Ironically, part of the problem with produce spoilage today is that almost everything is refrigerated. A lot of the knowledge about how to keep produce fresh longer has been lost over the years. This article is an attempt to change at least some of that. We’ll explore some good practices and bad practices.

Storing tomatoes


The reason is that refrigerators are usually set to maintain a temperature of 40 F or less. Tomato fruits are not cold tolerant. Storing them at temperatures so low causes the cell walls to freeze and burst. It also encourages the sugar in tomatoes to turn to starch. The result is bland tasting tomatoes that are mushier than they would be if they came right off the vine.

Quite a few people have remarked that homegrown tomatoes seem to taste better than store-bought. A large part of the reason is that the commercial tomatoes are kept cold for shipment and also in the storerooms of the store. This destroys flavor and texture. Sadly, people who harvest tomatoes and put them in the refrigerator are doing the same thing grocery stores do.

Store under-ripe tomatoes on a counter top and ripe ones on the counter or in a cool, dry place, out of direct sunlight.






Zucchinis, winter squash, and pumpkins should be stored in a dark, cool place. Don’t refrigerate them because they will go bad more quickly. It is also a good idea to wipe them down with a mild bleach or vinegar solution; 2 tablespoons bleach or 1/4 cup vinegar per gallon of water, before storage. This kills mold spores and helps to prevent them from molding. In the case of the bleach solution, be sure to rinse them well before use.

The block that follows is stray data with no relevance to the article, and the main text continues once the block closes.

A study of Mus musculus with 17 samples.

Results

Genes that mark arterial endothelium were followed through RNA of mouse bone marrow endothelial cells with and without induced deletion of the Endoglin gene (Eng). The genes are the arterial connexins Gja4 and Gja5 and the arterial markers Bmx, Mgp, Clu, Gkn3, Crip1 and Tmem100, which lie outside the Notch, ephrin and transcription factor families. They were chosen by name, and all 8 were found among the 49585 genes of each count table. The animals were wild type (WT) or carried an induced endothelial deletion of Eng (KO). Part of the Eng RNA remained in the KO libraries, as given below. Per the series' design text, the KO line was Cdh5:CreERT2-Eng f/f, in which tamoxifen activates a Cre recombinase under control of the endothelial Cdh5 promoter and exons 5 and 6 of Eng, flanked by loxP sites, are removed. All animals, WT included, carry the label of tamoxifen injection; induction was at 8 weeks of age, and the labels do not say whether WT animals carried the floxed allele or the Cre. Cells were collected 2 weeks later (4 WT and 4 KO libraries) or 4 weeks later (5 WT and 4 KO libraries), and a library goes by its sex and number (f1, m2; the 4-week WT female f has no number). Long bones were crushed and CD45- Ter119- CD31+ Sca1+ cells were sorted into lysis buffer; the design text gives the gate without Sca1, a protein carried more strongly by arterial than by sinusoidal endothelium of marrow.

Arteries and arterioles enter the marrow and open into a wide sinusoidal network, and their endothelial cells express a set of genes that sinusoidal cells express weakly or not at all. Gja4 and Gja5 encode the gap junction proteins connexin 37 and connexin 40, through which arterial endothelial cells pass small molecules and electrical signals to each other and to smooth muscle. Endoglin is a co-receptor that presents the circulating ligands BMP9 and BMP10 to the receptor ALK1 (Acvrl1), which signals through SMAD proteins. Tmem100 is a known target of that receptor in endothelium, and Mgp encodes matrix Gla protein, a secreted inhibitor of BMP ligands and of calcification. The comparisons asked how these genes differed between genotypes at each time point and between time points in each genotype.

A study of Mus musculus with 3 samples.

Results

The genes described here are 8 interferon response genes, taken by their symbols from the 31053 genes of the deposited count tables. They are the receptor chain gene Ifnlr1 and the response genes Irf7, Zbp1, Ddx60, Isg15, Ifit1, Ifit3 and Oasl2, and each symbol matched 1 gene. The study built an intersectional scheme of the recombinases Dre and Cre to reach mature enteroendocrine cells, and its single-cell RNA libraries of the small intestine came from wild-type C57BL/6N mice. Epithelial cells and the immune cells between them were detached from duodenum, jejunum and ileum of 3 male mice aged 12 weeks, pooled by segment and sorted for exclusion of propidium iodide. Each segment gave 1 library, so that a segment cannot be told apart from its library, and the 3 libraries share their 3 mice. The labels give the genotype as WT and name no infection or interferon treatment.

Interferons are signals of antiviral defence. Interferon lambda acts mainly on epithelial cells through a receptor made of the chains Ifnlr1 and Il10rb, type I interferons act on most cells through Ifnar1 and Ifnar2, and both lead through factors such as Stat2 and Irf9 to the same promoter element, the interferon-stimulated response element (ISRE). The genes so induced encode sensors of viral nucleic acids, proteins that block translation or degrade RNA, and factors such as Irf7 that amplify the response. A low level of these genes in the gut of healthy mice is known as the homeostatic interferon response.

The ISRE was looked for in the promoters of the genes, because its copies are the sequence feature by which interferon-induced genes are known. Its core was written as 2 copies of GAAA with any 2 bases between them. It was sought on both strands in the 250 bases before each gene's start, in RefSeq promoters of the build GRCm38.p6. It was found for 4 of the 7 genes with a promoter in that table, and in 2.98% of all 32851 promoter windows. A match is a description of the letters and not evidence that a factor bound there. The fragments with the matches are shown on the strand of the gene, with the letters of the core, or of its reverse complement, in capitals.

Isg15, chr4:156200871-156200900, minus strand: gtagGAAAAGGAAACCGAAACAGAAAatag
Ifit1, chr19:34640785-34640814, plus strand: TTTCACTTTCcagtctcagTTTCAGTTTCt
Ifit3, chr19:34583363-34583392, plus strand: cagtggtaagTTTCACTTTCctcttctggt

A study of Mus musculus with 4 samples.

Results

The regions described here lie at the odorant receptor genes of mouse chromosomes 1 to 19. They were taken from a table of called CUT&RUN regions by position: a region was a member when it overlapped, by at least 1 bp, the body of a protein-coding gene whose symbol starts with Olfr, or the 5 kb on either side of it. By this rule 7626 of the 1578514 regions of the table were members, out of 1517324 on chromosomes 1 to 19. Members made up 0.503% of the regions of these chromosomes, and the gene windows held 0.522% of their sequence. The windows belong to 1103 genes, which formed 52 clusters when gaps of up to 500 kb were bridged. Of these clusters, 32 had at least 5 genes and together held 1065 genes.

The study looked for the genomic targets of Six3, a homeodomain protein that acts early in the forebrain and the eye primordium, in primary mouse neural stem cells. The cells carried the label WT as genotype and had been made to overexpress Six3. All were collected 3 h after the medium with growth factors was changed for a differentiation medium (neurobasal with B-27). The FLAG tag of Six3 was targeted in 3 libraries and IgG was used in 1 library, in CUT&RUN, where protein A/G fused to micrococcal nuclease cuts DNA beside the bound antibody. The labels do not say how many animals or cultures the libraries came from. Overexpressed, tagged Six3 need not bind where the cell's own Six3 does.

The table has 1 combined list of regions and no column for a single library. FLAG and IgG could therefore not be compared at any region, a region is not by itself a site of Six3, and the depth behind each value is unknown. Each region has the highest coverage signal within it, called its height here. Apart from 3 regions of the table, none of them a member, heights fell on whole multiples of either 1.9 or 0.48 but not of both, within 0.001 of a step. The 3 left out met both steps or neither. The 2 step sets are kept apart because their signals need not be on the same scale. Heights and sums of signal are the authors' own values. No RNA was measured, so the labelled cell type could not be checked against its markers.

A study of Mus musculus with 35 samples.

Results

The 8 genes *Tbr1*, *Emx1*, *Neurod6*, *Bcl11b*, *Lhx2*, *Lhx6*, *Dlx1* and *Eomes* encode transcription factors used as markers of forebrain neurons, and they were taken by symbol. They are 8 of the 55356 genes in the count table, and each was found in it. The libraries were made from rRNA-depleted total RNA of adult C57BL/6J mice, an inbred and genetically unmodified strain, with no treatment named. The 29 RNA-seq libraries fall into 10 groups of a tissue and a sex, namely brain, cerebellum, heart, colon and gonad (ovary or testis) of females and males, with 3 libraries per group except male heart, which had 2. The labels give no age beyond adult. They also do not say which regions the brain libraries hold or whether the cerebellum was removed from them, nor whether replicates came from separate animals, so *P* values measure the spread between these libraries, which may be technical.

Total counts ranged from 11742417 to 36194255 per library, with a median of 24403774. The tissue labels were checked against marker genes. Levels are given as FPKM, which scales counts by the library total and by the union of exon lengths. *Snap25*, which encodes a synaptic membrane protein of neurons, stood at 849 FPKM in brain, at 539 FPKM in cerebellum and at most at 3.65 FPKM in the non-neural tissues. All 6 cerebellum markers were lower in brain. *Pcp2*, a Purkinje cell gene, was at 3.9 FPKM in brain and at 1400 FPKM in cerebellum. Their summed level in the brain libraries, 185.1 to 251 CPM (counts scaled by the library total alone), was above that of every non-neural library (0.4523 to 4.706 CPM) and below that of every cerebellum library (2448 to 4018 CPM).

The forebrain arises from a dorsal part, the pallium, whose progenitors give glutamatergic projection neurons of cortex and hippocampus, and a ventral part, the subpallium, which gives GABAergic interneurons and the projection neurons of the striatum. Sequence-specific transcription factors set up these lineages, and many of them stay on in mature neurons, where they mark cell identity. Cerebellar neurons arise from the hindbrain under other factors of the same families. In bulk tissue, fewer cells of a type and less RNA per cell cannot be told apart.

Another tip

In most cases, remove any plastic the fruits and vegetables come in. The plastic makes them ripen faster and concentrates moisture. The produce often rots because of this.

Many fruits and vegetables last longer when they are refrigerated, but not all of them do. In many cases, putting them in a refrigerator is one of the worst things you can do to them. You have little control over what was done to them before you get them unless you grow them yourself, but you can minimize the problem of storage if you acquaint yourself with the vegetables and fruits that should never go into the fridge.


What do you think?

Written by Rex Trulove


  1. I got full marks from your excellent post BUT I also learnt something which could be very useful as bananas ripen at the speed of light I will be wrapping that tinfoil on my hand of bananas as soon as I have finished typing. Thank you Rex.

  2. Great post, I knew to put carrots in the fridge and not to put the others (except for mushrooms) in the fridge. I don’t eat any of them, but great to know if I did!

    • You don’t eat any of the fruits or vegetables mentioned here? Really? That surprises me, especially with tomatoes (one of the most popular crops in the world).

      • From the list, I only eat potatoes (but even that I have had to give up because of my health). I have always been a picky eater so veggies and fruit have never been a part of my diet.